I have two main questions:

1. I wish to investigate the ways in which students approach reading and interpreting a primary journal article. 

2. I am interested in the ways that students interpret their own practical results, their level of engagement with the scientific process in practical class experiments, and

I am particularly interested in final year Bachelor of Science students, and whether there is a difference between those who are aiming for a career in research, a career in science broadly, or a career outside of science.  Although many different areas of higher education aim to instil skills in critical thinking in their students, I feel that science has a particular issue caused by the sheer volume of preceding information in the literature, and the difficulty of understanding recent papers as a novice who lacks this background. 

1. I wish to develop approaches to encourage a deep approach to reading journal articles, such that students can overcome their (real or perceived) lack of discipline specific knowledge and so really interpret the experimental evidence critically. 

2. I also wish to improve the design of practical activities that can give students a sense of ownership and self-design in a field that unfortunately requires practical materials to be prepared in advance, and the students to follow carefully constrained, reliable, procedures.

What theme(s) based on your readings, resonate with your “problem” and/or your proposed approach to address your problem.

I was particularly interested in the acknowledgement that you do not solve a problem and then it is done, but that this is an iterative process of experimenting and finding things that work.  I feel that this is the only way to tackle the sorts of problems we wish to examine.  I was also fascinated to hear that others had experienced a situation when the key was to fully articulate to the students what it was that you were trying to get them to do.  I have designed activities just to have them use a completely different approach than I expected, until I took the time to explain what I was looking for, and many of them became willing participants in the task, and commentators on its success.  I also found it interesting to consider that, given the difficulty of achieving scientific validity in a study, I should seek to get different sources to data to triangulate to look for a consistent message.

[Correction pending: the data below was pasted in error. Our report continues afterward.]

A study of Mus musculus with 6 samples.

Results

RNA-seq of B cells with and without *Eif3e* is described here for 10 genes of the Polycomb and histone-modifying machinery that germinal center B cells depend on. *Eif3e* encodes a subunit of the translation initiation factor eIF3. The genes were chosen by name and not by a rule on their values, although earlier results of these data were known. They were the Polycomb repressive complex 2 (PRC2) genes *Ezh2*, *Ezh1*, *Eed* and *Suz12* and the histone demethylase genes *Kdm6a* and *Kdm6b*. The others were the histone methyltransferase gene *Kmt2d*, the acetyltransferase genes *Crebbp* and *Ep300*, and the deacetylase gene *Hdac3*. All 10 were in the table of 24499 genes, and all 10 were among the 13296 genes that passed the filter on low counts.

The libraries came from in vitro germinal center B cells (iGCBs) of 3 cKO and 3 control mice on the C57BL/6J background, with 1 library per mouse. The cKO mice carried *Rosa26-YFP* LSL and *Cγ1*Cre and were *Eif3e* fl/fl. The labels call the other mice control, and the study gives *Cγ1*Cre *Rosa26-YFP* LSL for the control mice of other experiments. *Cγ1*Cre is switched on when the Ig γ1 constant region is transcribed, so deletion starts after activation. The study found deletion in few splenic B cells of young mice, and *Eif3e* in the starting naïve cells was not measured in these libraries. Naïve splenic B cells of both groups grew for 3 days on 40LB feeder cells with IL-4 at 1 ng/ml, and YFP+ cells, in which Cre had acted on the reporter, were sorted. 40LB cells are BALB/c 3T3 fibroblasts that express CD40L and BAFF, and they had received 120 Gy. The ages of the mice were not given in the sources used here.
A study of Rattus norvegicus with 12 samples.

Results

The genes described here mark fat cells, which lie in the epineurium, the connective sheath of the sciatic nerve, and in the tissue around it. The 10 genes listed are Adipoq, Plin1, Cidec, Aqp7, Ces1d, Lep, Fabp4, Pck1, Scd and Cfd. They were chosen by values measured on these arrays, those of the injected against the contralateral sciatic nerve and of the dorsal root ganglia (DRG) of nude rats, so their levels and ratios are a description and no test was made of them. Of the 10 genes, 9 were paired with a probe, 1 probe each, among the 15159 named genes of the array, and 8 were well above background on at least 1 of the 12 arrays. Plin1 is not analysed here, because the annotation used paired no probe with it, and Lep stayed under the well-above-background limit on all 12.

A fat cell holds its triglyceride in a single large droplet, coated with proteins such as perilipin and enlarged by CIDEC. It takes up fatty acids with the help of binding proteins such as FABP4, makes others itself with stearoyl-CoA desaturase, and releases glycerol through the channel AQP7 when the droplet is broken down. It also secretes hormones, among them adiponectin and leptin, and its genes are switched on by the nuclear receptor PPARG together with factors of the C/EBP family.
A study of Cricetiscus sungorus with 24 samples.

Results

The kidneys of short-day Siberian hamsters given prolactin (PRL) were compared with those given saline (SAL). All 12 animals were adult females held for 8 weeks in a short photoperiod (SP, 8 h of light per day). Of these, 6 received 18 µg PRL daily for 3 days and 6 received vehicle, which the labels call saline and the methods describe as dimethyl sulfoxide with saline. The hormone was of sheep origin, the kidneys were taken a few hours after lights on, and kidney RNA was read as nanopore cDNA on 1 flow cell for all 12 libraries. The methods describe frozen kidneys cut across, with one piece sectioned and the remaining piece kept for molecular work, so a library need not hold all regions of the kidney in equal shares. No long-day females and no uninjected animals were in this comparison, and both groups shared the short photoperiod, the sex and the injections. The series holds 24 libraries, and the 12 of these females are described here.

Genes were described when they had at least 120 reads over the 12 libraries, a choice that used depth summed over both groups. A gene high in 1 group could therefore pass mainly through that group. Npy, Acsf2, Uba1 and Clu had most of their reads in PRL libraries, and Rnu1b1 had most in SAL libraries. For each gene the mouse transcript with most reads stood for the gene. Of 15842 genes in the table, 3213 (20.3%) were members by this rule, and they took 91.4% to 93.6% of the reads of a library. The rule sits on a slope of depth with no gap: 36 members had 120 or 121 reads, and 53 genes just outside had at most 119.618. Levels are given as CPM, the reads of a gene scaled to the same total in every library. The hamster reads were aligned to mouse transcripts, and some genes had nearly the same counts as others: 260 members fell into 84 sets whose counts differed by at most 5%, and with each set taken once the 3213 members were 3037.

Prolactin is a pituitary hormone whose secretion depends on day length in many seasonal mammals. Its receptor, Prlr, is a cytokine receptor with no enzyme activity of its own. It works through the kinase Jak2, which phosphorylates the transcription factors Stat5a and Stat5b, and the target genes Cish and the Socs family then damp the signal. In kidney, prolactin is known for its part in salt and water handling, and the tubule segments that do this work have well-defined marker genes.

Based on Pat Hutchings article, what taxonomy would you use to describe your research question and why?

I feel that I want to combine a ‘what is’ approach with a ‘what works’ approach.  I feel that I am not the only one thinking about these questions, and I know that others around me are trialling ideas that work well, and I wish to know what they are.  The main aim then, is to discover what approaches work and to disseminate this as far as I can to others who are teaching science at the same level.

Do you have any questions/concerns/comments that have evolved from your reading?

Gwynn Mettetal’s description of Classroom Action Research.  I am currently under pressure to achieve in education research in order to consolidate my role at the university.  While I am not interested in doing the sort of overview research that a member of the education faculty might pursue, I feel that I need to be part way between this type of research and practitioner CAR. I need (and want) to be able to influence teaching in more courses than just my own.